Copyright is legal protection against copying or commercially exploiting intellectual property without the creator or the copyright holder's permission. It isn't only for literature and works of art — software, photography, music, video, film and architectural drawings can also be copyrighted.
To protect yourself — whether you're the creator or user — you'll need a three-part approach:
- For concrete copyright protection, register your work with the U.S. Copyright Office.
- Employees who create a work on the job or independent contractors creating work qualifying as "work for hire" do not own copyright; the employer does.
- Copyright gives the owner exclusive rights to copy and distribute the work, to create adaptations of it, and to perform or display it; all others must ask permission.
Get the copyright lowdownWhether you want to copyright your work or use somebody else's, you need to know the rules. Many business owners are what a copyright really is, who can claim copyright, how to properly secure a copyright and other key issues.
guide to Copyright Basics from the U.S. Copyright Office has answers to all common copyright questions. The basic copyright registration fee is $45.
Know whether it's protectedCheck the copyright status of intellectual works, and look for name changes and transfers of ownership.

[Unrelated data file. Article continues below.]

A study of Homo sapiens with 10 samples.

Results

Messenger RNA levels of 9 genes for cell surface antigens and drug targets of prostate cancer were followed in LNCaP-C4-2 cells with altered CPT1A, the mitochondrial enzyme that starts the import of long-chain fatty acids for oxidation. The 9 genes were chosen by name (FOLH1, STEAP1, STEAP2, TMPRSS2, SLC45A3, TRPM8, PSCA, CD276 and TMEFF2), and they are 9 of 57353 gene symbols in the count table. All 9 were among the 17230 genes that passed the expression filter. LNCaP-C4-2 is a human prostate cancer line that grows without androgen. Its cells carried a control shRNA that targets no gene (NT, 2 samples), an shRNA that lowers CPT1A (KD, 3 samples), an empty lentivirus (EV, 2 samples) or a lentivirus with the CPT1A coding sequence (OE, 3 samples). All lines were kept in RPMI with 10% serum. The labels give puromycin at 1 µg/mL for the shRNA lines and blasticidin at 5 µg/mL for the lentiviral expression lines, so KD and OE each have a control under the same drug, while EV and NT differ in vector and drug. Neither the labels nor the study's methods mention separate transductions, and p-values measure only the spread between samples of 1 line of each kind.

U.S. Copyright Office offers three copyright-search databases dating back to 1978.
Step-by-step registration proceduresCopyright registration is a legal formality that establishes a public record of the basic facts of your copyright.
advantages to encourage copyright owners to register. The Copyright Office has complete registration details for different types of works.
Ask before usingA letter asking permission to use copyrighted material can be short and sweet, but it must cover certain basics about how the work will be used.
Give permission to othersMake sure you put in writing all the details — payment, restrictions on location, defined use, credit given, purpose and more — when someone wants to use your copyrighted work.
Notify unauthorized usersLet someone know when they've used your work without permission — that's why you registered copyright in the first place.
- Copyrights don't protect names, phrases, slogan or logos — for this, you'll need to conduct a trademark search and register a trademark.
- Violations of copyright often involve use for commercial gain.
- The copyright owner may request a fee, especially if the work will be used for commercial purposes.
- Beware of the "fair use" rule of copyright; its provisions are limited.
- Works in the public domain require no permission before use.